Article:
NEWARK.- Renowned fiber artist Ina Golub, whose magnificent works adorn synagogues and are jealously held in private collections throughout the United States, celebrates her 70th birthday this year by returning to the city of her birth with an exhibition at The Newark Museum entitled Completing the Circle: The Fiber Art of Ina Golub. The exhibition in the Museums Contemporary Craft Gallery and the Carole and Albert Angel Promenade opens August 13 and runs through May 3, 2009.
This beautiful and inspiring 30-object exhibition explores the range of materials and themes used by Ina Golub over the past four decades of her career to interpret the tenets and images of Judaism and Jewish Law, explained Ulysses Grant Dietz, the Museums Curator of Decorative Arts.
The works, from her personal collection as well as those on loan from public and private collections across the country, include weaving, fiber collage and beadwork infused with the strong sense of color and texture that has become her signature. Color is the essence of my art, the artist explained.
Golub has been commissioned by synagogues, museums and private collectors throughout the United States to create custom-designed fiber art, including tapestries and Jewish ceremonial objects, as well as textiles with secular content.
Religious objects featured in the exhibition include Torah (Jewish holy scripture) mantles; havdallah spice boxes (used in services to mark the end of weekly Sabbath observance); tallitot (prayer shawls) and kippot (skullcaps); and Sabbath candlesticks, among other works. Design renderings for commissioned works are displayed including drawings for wonderfully-colorful and inspirational parokhot (curtains for the Holy Ark containing the Torah scrolls and located on the eastern wall of every Jewish House of Worship). Several of her works depict pomegranates, thought to be the fruit with which Eve tempted Adam. Tradition holds that the fruit contains 613 seeds, equal to the number of commandments in the Torah.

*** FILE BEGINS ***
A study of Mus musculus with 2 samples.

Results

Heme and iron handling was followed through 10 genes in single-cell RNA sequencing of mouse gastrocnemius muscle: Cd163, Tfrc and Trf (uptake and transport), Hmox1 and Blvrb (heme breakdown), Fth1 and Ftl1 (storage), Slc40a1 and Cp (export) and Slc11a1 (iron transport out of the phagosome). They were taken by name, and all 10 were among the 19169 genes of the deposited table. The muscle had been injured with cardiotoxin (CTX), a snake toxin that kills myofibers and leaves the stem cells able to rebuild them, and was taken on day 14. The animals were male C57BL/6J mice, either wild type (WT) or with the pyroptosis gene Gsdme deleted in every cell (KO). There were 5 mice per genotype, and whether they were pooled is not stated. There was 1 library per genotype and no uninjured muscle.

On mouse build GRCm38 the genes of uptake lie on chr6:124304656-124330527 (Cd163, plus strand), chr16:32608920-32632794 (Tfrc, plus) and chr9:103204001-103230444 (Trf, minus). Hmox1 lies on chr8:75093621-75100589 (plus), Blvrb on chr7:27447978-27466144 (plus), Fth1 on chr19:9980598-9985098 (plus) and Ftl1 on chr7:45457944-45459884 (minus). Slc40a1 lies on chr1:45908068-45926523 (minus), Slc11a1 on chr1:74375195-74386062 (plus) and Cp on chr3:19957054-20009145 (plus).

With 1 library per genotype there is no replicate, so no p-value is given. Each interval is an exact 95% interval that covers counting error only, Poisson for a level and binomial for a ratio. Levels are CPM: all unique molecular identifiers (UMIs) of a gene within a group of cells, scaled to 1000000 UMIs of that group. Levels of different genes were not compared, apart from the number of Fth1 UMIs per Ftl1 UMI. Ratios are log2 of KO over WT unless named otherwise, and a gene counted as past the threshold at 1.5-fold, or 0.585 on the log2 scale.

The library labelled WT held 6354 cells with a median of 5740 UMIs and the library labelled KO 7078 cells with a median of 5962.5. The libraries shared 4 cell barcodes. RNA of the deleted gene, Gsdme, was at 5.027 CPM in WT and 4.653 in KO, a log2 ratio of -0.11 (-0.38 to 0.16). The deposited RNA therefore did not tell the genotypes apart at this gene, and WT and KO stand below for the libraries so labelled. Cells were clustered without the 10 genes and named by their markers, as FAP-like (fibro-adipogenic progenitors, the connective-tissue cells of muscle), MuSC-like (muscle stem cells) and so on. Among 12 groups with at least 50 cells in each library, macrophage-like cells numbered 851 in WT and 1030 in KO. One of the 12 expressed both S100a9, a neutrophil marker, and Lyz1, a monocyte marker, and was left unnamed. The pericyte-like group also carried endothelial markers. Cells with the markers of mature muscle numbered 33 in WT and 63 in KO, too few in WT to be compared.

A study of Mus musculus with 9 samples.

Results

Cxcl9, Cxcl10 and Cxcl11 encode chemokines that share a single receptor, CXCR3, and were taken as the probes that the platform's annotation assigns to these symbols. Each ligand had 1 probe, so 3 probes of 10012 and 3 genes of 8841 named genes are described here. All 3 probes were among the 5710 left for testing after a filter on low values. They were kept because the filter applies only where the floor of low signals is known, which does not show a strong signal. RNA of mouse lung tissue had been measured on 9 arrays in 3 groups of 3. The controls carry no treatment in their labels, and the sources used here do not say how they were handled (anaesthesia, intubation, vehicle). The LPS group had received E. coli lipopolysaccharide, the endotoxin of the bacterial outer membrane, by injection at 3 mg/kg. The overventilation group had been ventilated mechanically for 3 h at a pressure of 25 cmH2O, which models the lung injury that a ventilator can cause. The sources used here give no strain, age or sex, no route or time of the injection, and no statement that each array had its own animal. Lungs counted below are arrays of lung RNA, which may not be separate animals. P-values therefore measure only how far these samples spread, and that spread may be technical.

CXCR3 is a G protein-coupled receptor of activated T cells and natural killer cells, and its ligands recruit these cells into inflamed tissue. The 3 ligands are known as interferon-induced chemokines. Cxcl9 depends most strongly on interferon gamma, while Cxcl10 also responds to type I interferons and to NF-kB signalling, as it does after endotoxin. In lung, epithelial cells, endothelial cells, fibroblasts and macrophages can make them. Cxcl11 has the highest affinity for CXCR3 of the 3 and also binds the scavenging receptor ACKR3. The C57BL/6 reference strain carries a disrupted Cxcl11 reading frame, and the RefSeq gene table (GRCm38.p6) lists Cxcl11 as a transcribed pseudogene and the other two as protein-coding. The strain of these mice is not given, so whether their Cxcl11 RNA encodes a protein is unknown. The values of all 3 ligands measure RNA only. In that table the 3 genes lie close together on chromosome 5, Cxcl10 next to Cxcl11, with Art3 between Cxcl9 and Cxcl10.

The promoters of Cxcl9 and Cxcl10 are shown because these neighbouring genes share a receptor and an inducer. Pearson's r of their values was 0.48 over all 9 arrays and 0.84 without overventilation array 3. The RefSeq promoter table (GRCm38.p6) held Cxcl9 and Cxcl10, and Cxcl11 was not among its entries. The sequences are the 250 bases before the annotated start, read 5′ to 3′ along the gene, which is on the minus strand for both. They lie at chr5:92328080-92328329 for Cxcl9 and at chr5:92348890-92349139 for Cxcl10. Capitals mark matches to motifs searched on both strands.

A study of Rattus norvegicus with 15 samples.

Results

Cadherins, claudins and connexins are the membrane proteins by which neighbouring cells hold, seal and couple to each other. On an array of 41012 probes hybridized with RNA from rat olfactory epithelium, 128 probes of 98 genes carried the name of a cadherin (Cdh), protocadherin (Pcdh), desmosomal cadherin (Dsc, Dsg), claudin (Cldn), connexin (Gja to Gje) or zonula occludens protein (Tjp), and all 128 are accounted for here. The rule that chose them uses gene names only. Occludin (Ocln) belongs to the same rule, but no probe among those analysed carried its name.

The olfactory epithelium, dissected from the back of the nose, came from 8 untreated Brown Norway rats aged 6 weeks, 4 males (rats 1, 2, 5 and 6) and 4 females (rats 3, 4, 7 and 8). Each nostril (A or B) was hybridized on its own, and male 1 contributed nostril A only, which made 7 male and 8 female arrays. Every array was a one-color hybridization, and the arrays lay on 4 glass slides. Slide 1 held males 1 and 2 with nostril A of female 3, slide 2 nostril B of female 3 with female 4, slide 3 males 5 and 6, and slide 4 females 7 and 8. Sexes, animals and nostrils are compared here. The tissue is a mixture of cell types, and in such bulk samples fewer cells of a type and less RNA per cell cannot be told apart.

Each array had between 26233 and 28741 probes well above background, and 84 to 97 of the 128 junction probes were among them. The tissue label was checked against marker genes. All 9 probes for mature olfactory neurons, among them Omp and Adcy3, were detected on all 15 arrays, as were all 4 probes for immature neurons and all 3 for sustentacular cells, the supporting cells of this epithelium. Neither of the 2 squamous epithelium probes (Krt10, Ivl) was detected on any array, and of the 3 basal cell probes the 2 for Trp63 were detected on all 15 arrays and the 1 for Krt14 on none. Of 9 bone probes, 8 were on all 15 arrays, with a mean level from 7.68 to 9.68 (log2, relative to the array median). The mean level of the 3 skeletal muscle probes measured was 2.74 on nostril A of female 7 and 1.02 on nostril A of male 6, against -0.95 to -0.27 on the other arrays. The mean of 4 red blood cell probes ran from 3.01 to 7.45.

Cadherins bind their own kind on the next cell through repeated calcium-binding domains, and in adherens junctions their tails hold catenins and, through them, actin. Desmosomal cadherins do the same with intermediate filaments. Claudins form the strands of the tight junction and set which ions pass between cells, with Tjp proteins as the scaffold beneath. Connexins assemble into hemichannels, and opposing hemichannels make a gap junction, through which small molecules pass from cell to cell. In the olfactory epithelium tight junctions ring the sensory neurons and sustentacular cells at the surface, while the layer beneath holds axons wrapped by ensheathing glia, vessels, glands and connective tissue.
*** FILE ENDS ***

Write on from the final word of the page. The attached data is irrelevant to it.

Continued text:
Growing up in a Jewish home with minimal ritual observance, Golub said, I felt isolated from my heritage. A college art history professor planted the seeds which, many years later, would take me on an enlightening journey into the depths of my culture. Slowly and consistently, I have developed a deep understanding of the meaning of my tradition. Its spiritual beauty has become the expressive power of my art.
Commenting on Golubs 40-plus-year artistic journey into Jewish lore, ideas, and imagery, Rabbi Reuben R. Levine, a noted Jewish art history scholar and consultant in synagogue design and ritual art and rabbi emeritus of Temple Beth Ahm, Springfield, NJ, said: Inas creations reflect a spiritual splendor and aesthetic brilliance that speaks deeply and directly to the beholder. Her work lends meaning and dignity to Jewish artistic expression in a field where kitsch and derivative nostalgic anachronism often find easy acceptance.
Born Ina Rudman in Newark on October 28, 1938, her father was a musician and artist and her mother a craft hobbyist and homemaker. She demonstrated an early fascination with fibers and through her teen and early adult years often designed and sewed her own clothing.
A 1956 graduate of Weequahic High School in Newark, she earned a bachelors degree from Montclair State University and an MA from Indiana University. She married Herbert Golub, a music professor at Kean College, in 1962, and has maintained an art studio where she has created one-of-kind handcrafted fiber art for synagogues and private collectors since 1965.